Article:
I received an digital copy of this book in advance through NetGalley in exchange for an honest review.
I first heard of Fire Song on the BooksandLala YouTube channel. The synopsis immediately had me interested. I requested an ARC from NetGalley, and let me tell you, when I got the email that my request had been approved… there may have been a fist pump. You can find the Goodreads description of it here.
I typically will not read a movie novelization; I don’t see the point. In this case, I had no idea that this was a novelization of the Air Canada Audience Choice Award winning film with the same title. Once I learned that I was a little disappointed, but felt committed to reading and reviewing the novel anyway.
In all honesty, the first two times I sat down to read this I couldn’t really connect to the story. I actually fell asleep. But once I got to a part where the characters were interacting with each other, as opposed to setting up the mood of the story, I found myself really invested.
I think I wanted Shane and David to be like Ari and Dante…. you know how I feel about Ari and Dante. I was expecting a coming of age story about friends learning to accept themselves, each other, and their evolving relationship, while introducing the reader to the struggles of a culture that is, for the most part, overlooked.
And yes, I did get that…. but in a very different way. Where Ari and Dante was an uplifting and feel-good story of acceptance, Fire Song took a pretty depressing route to get us there. And it needed to. This book had the important job of capturing the tragedy and oppressive hopelessness that plagues Native American communities. Just for the reason that it portrays life on a reservation, I think this is worth reading and recommending.
There was a major event in the story that was pretty predictable, but I think it was kind of meant to be. If it was supposed to be a surprise, then the author failed miserably. But there was enough foreshadowing that I expected it, and was still deeply shaken by it.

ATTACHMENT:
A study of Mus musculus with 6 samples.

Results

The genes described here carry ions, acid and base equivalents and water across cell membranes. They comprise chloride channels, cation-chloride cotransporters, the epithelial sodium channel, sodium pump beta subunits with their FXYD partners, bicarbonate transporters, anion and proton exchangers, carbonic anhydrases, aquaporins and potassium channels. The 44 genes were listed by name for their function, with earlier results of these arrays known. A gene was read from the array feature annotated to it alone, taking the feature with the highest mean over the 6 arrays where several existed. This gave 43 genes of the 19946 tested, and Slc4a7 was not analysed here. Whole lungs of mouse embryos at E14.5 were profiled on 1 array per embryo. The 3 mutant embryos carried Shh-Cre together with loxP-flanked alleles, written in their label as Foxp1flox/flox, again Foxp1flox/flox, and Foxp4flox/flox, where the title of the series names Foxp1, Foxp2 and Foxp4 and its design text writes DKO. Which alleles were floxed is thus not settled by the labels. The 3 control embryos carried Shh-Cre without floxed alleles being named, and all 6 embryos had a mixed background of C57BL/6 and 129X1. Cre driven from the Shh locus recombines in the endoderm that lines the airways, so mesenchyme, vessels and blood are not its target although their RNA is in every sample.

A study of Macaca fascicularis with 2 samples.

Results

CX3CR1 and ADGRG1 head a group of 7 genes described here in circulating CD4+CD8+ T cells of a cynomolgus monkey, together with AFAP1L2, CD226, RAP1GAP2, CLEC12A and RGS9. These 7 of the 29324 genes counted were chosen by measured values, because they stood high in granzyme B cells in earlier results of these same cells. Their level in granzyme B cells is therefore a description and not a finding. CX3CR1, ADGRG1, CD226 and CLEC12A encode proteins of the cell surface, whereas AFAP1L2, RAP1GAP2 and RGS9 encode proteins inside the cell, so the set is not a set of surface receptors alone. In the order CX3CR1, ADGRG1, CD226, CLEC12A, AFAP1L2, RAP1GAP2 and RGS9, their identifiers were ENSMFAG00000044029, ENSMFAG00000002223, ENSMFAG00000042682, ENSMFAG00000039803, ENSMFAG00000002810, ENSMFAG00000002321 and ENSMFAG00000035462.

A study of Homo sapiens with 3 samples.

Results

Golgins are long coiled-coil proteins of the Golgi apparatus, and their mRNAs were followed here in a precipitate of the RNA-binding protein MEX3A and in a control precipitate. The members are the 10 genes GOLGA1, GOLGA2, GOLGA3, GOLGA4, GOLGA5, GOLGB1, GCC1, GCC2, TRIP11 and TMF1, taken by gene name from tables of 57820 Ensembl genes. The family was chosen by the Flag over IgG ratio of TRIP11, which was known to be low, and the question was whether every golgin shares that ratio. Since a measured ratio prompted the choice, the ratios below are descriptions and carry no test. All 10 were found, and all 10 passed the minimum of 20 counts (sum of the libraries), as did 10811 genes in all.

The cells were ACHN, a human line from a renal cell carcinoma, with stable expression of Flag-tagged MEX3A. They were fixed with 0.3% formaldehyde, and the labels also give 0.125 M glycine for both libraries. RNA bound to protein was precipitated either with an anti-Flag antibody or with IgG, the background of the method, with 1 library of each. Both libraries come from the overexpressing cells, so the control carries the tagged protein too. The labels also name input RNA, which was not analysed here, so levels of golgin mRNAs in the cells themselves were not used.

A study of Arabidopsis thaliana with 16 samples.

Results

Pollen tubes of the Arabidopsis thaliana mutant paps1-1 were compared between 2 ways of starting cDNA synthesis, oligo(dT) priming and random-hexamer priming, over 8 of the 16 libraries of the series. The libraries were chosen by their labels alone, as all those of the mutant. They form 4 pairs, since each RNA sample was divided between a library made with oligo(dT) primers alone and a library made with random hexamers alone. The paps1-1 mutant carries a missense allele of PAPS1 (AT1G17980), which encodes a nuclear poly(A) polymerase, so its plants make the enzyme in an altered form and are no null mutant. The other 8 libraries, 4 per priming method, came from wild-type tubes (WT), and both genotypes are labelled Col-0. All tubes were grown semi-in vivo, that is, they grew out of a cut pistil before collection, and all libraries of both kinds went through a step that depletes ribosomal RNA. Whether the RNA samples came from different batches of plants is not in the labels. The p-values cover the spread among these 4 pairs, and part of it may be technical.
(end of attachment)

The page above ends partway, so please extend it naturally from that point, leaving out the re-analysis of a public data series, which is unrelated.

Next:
I gave this book 3 stars on Goodreads. I liked it. Maybe even a lot, but I didn’t love it. Shane’s character was well written and very likable. His mother, Jackie’s pain over losing a child was heartbreaking to witness, and I imagine, very realistic. David, though…. I don’t want to say that I didn’t like him, but his choices frustrated me. I understand him, though, I do.
There was a point in reading that I had to check what percentage I had read, and how much was left, because I didn’t understand how much longer the story could go on. I was surprised to see almost half the book remaining, when I thought it should be wrapping up. It almost felt like a different book for the second half of the story.
After finishing the book I watched the trailer for the movie. I don’t know that I would have been interested in it based on the trailer alone. I feel like I’m in a weird position, because usually I resent movie adaptations for leaving parts of a book out. In this case, though, the book is based off the movie…. so it should all be there, right? I enjoyed the book enough to consider watching the movie, especially since it’s available on Netflix.
I am glad I read this book, and look forward to seeing what others think of it. It’s publication date is right around the corner: March 13, 2018.